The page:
Holt and Panagiotis — who themselves grieve loved ones mowed down by hit-and-run drivers — know how rarely those responsible are caught. They believe the drivers know that too.
"A lot of things have to fall into place," said Panagiotis, whose best friend Michael Bonanomi, 35, was killed in 2013 as he crossed Ventura Boulevard.
That makes every solved case both a cause for celebration and a reminder of the suffering that most victims' friends and families continue to endure.
"We applied as much pressure as we could," Panagiotis said. Bonanomi's friends spent weeks knocking on doors, posting signs and scouring side streets for evidence. Panagiotis bagged shards of glass and bits of auto parts he found on a street nearby, but detectives didn't seem interested when he took the pieces to the police station, he said.
Uninterested or maybe overwhelmed.
Two other pedestrians were killed in hit-and-runs on the same night his friend died — one just a few miles from the spot in Studio City where the white Mercedes knocked Bonanomi onto its hood, then flung him to the ground as it zoomed off.
There are about 20,000 hit-and-run accidents in Los Angeles each year, most of them fender-benders. But 144 people were severely injured and 27 people killed last year by drivers who did not stop. Over the years, only about 1 in 10 hit-and-run drivers has been arrested or prosecuted.
"The LAPD doesn't have the manpower," Panagiotis said. "You just have to hope that people will turn themselves in."
It's been two months since Debra Holt's oldest child was killed near Slauson and Denker avenues in South Los Angeles. Treva Arnold, 39 and a mother of two, was crossing the street in the middle of the night when she was struck by one, maybe two, speeding cars.
"I read the autopsy report," Holt said. The accident severed her daughter's spine. She bled to death in the street.
"Somebody must have seen something," Holt told me Sunday night as she marked her birthday with a meal that wasn't nearly as good as the birthday dinners her daughter always prepared.
"I'm about to make up some fliers, let them know there's a $50,000 reward and go over in that area and post them," she said.
The Los Angeles City Council makes a point of offering rewards to try to flush out hit-and-run drivers. Last month, city officials agreed to begin employing electronic alerts, like the kind used for abducted children, to enlist drivers' help in finding hit-and-run suspects.
But none of that addresses the question at the heart of the problem:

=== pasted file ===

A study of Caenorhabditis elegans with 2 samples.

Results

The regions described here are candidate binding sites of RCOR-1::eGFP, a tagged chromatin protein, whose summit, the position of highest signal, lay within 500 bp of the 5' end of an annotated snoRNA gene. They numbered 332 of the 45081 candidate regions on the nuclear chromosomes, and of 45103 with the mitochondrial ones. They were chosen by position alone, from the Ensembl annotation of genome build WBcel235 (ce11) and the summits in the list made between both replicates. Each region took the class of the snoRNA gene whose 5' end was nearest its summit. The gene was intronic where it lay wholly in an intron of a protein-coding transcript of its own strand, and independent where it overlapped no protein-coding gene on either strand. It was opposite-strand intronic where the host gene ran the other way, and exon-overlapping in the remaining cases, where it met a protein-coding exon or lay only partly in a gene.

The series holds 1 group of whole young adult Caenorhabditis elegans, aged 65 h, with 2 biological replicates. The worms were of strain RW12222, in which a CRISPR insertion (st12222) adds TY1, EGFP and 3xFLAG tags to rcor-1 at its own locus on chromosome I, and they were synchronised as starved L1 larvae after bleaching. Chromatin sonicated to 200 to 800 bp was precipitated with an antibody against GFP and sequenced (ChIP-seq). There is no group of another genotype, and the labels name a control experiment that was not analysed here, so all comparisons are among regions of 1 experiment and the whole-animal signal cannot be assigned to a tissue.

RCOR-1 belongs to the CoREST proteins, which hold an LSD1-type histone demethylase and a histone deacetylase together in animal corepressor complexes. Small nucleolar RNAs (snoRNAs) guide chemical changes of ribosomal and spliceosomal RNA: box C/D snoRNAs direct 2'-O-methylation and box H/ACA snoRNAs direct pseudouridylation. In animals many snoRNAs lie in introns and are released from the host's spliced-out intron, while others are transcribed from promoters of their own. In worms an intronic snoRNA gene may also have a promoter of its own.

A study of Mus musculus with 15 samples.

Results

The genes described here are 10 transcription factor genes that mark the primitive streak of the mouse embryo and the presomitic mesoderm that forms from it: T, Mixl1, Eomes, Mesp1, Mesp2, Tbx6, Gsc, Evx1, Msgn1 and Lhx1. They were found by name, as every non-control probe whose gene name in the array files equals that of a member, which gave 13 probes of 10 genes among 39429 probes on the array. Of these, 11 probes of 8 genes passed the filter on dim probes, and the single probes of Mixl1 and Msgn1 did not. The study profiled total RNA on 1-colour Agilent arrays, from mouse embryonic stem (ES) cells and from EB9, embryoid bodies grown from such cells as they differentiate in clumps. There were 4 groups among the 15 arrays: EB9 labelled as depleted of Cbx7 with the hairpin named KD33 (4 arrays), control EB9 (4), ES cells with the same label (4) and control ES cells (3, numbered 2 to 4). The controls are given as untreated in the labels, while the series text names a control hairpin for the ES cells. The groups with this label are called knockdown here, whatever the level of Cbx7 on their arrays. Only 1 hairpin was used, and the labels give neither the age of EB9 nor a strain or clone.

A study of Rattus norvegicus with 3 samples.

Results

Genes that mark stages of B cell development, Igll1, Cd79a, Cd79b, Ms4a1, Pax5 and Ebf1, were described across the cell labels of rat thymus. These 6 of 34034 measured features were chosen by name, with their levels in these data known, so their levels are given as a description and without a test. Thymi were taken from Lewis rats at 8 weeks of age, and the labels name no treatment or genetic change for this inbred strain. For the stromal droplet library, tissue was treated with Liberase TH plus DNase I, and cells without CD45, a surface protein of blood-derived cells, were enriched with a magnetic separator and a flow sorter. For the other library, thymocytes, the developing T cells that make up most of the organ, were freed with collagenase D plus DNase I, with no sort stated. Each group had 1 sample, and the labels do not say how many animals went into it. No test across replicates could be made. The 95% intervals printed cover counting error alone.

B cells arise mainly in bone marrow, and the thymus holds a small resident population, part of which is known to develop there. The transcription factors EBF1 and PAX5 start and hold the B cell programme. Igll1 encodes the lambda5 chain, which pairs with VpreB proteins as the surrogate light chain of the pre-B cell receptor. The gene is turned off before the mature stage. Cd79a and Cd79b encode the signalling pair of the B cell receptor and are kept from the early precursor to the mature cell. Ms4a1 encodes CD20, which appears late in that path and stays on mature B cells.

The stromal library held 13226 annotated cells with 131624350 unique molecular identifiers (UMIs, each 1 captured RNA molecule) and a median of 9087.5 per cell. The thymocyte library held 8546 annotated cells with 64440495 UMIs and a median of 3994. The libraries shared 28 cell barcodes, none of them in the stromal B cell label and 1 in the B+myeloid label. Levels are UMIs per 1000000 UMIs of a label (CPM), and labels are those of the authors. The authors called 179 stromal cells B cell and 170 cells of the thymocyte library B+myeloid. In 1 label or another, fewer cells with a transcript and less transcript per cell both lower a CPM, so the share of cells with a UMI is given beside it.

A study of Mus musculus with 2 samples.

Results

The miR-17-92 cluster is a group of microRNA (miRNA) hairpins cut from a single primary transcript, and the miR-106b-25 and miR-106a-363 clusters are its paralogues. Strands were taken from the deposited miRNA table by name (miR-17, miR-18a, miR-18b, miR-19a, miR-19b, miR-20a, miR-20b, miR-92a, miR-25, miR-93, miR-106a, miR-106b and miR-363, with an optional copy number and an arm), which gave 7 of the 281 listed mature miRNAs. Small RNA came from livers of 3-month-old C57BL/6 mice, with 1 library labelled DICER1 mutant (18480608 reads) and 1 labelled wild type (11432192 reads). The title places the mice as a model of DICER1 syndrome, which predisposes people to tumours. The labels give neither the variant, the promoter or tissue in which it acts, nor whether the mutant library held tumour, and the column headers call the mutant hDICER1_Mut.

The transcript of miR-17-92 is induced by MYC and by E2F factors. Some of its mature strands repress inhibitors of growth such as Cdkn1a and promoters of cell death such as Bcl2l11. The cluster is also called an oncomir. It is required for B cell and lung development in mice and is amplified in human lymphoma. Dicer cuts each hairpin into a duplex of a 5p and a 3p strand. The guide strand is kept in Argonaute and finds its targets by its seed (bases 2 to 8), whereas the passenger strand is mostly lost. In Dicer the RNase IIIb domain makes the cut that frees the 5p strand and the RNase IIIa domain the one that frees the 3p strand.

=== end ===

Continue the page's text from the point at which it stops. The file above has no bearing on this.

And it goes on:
"How could somebody be so cold-hearted as to just hit a person and keep driving on?" Holt asked more than once as we talked about her daughter.
"We all make mistakes; none of us is perfect," she said. "But you know that's a human being, just like you. And you don't have the conscience to say: 'I did this.'"
Why don't drivers stop? Often the accident is not even their fault, but running makes it a crime.
Some panic. They're scared, confused, don't want to believe that they hit someone. Some may be drunk or under the influence of drugs — running buys time to clean up. Some say they were afraid they'd be attacked by a vengeful crowd.
But mostly they run because they can. It's wrong, but in the moment, it may seem to a coward like a logical choice.
"If you put your morals aside, it's probably the smart thing to do," Panagiotis acknowledged. "That's the unfortunate truth at the moment. We've got to change that."
He'd like to see more thorough investigations, tougher penalties and consistent enforcement. He'd like to see homicide detectives handle every hit-and-run death, not just the high-profile ones.
That might mean fewer unsolved cases.
But it won't do much to lessen the pain left by a loved one's death.
Just ask Jeri Dye Lynch, whose 16-year-old son, Conor, was killed four years ago, a block from his high school in Sherman Oaks.
The young woman who hit him drove on, but eventually stopped and approached police officers, who brought her back to the scene. She was prosecuted for a misdemeanor instead of a felony.
She was crying at the scene and during her court hearing, Lynch recalled.
"And all I could think about was that somebody actually let a 16-year-old boy die in the street alone … when all she had to do was pull over and dial 911."
Lynch tried to stifle her weeping. "I know she was scared. I would be scared too. But if you can't be the person who'll stop and render aid when you hurt someone, you shouldn't be driving," she said.
"That's such a horrific statement of our society.…How do you not stop and help?"